AACR: Racial Disparities Observed in Breast Cancer
Blacks more likely to have poor outcomes, less likely to undergo lymph node assessment
FRIDAY, Nov. 30 (HealthDay News) -- Black women with breast cancer are more likely to have poorer outcomes, differences in gene expression profiles, and lower rates of lymph node assessment than their non-black counterparts, according to three studies presented at the American Association for Cancer Research conference on The Science of Cancer Health Disparities in Racial/Ethnic Minorities and the Medically Underserved, held this week in Atlanta.
Michael A. Nichols, M.D., Ph.D., of the University of Chicago, and colleagues studied 1,246 women -- about one-third of them black -- who underwent lumpectomy and radiotherapy. Compared to non-blacks, they found blacks had lower rates of overall survival (78.1 percent versus 84.9 percent) and higher rates of relapse after eight years (31.6 percent versus 14.9 percent). They concluded that black women may benefit from frequent mammograms or the use of more sensitive screening methods, such as MRI.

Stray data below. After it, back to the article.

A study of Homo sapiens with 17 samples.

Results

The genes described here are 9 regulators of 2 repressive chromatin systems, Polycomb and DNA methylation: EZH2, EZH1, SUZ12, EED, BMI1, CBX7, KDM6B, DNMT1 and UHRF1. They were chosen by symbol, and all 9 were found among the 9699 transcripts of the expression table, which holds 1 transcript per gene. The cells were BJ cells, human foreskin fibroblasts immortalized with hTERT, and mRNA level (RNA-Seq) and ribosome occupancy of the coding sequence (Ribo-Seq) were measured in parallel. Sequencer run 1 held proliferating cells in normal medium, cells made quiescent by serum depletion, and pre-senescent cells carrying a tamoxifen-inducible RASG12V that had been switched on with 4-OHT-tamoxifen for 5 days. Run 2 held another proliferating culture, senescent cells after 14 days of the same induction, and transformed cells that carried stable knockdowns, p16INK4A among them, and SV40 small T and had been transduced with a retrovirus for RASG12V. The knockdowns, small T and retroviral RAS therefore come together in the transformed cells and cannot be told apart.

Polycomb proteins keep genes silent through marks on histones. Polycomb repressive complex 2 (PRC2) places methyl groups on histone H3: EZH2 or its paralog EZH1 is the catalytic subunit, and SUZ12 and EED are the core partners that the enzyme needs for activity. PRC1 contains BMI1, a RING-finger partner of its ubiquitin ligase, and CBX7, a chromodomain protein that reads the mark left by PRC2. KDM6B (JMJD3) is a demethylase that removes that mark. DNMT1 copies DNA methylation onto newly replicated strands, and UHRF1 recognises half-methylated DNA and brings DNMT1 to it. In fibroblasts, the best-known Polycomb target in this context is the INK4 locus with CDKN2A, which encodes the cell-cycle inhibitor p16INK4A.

Damali Martin, Ph.D., of the National Cancer Institute's Center for Cancer Research, and colleagues examined gene expression profiles in micro-dissected tumors from 35 patients (18 blacks and 17 whites) with invasive breast cancer. They identified racial differences -- most significantly in processes including angiogenesis, blood vessel development in the tumor stroma and the regulation of chemotaxis and antigen presentation/processing in the tumor epithelium -- that may influence disease aggressiveness and response to therapy.
Michael Halpern, M.D., Ph.D., of the American Cancer Society, and colleagues analyzed data from the National Cancer Database on 196,732 women who were treated for early-stage breast cancer. They found that blacks were 10 percent less likely than whites to receive lymph node assessment. They also found that the procedure was 24 percent less likely to be performed in uninsured versus insured women, 13 percent less likely to be performed in less educated versus highly educated women, and three times less likely to be performed in women ages 73 and older compared to women ages 51 and younger. "Disparity in receipt of this procedure among underserved populations is therefore a concern and requires further study," Halpern and his colleagues conclude.